Flat Army Book Excerpt: Organizational Learned Helplessness
Did you know that in 1886, the U.S. court system recognized the corporation as a “natural person”? The fourteenth amendment to the U.S. Constitution states that “no state shall deprive any person of life, liberty or property.” Perhaps it was used at the time to defend corporations and block any attempt at depriving them of outside or worker interference.
To further the argument, President Rutherford B. Hayes said in 1876, “This is a government of the people, by the people, and for the people no longer. It is a government of corporations, by corporations, and for corporations.” I wonder if President Hayes was actually against hierarchy and greed, or perhaps he knew something we didn’t?
Perhaps the way in which our organizations operate today is a result of something known as “learned helplessness.” In 1967, Professor Martin Seligman of the University of Pennsylvania began experimenting on dogs to disprove B.F. Skinner’s theory of behaviorism—experiments which were coupled with his interest in depression. So Seligman would experiment by testing the resiliency of a dog. After repeated attempts of administering inescapable pain and suffering—to see whether the dog would succumb to the pain—if given the chance to flee the dog would stay put. The poor dog, even if given the opportunity to leave the situation, would remain in the environment fully expecting that no matter what, the pain would continue at some point.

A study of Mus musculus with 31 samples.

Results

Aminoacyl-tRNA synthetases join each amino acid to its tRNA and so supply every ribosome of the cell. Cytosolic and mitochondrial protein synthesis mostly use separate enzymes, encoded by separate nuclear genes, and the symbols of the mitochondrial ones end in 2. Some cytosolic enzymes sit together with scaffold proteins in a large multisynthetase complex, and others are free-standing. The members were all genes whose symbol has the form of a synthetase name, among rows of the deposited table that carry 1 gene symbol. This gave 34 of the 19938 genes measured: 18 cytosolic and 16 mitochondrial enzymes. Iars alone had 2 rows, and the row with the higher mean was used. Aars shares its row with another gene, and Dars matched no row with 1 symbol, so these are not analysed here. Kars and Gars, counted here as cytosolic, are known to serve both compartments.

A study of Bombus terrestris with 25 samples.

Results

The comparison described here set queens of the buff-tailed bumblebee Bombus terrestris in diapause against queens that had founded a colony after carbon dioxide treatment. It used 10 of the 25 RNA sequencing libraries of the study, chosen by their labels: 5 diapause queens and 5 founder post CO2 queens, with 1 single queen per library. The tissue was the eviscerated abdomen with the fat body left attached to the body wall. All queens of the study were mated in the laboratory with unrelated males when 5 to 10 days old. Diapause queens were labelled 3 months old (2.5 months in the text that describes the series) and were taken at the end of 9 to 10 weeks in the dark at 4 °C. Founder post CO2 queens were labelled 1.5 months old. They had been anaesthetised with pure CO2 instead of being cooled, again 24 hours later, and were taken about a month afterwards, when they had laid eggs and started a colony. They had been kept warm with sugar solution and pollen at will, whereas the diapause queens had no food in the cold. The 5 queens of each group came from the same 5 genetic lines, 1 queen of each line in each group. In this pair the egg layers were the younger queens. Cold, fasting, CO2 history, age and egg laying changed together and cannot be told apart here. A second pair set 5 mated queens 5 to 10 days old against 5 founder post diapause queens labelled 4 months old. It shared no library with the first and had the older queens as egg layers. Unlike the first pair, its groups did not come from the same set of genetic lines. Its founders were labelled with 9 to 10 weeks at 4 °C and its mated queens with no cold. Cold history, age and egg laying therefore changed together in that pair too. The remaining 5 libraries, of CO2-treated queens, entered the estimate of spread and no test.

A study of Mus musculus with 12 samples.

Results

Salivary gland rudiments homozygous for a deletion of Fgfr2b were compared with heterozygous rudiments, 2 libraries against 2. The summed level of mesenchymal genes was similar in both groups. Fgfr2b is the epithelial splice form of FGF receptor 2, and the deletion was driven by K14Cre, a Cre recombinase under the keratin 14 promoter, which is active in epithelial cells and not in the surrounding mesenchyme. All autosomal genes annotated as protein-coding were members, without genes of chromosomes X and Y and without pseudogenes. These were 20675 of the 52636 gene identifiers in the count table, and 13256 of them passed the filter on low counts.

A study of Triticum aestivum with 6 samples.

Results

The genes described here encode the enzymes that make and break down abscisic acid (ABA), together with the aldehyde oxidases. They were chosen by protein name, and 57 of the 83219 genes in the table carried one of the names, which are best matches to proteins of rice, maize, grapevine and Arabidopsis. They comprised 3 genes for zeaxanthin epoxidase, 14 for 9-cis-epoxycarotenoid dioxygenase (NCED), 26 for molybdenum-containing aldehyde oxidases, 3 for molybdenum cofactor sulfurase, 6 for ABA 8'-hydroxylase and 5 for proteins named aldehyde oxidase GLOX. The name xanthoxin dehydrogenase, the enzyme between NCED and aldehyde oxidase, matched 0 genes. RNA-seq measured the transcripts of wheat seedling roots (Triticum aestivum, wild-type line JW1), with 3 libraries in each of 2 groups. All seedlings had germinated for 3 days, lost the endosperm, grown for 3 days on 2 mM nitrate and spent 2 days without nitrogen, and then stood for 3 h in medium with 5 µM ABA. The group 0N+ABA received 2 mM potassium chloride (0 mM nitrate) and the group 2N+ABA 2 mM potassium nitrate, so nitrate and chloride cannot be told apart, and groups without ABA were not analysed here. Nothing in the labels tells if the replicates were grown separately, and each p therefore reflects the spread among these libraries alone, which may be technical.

This condition would later be termed “learned helplessness.” It is the act of being unable to remove yourself from a situation that is clearly unpleasant even though there are ample opportunities in which to do so. It’s as though you’re in the Millennium Falcon and being sucked in by the Death Star’s tractor beam—there’s nothing you can do about it.
Further evidence for learned helplessness suggests depression may actually set in as well. Not surprising, if you’re in a situation that seems inescapable and even if you could leave, you feel too paralyzed to do so, I’m pretty sure some form of depression might set in as well.
Which brings me to my point: maybe the concept of learned helplessness has enveloped our organizations. We’ve learned to become helpless. We’ve become numb to the bosses who don’t care. We’re ambivalent to leadership that is hierarchical and close-minded. We’ve become blind to exclusivity and too paralyzed to suggest being included. We won’t flee the current situation because we don’t believe things will be any better anywhere else.
Maybe organizations simply are tools. Maybe they’re simply about making money or providing service or making products in the most efficient manner without regard for its people. Maybe there is no chance for humanity in the organization. Maybe the structure has been there for years because it is the most effective way in which to achieve the goal of dominance. Or perhaps it’s the action of getting the most out of the tool that drives today’s management practices. Perhaps some form of cognitive inertia or confirmation bias has set in on leaders and managers across many organizations, preventing them from thinking outside the proverbial hierarchical leadership box.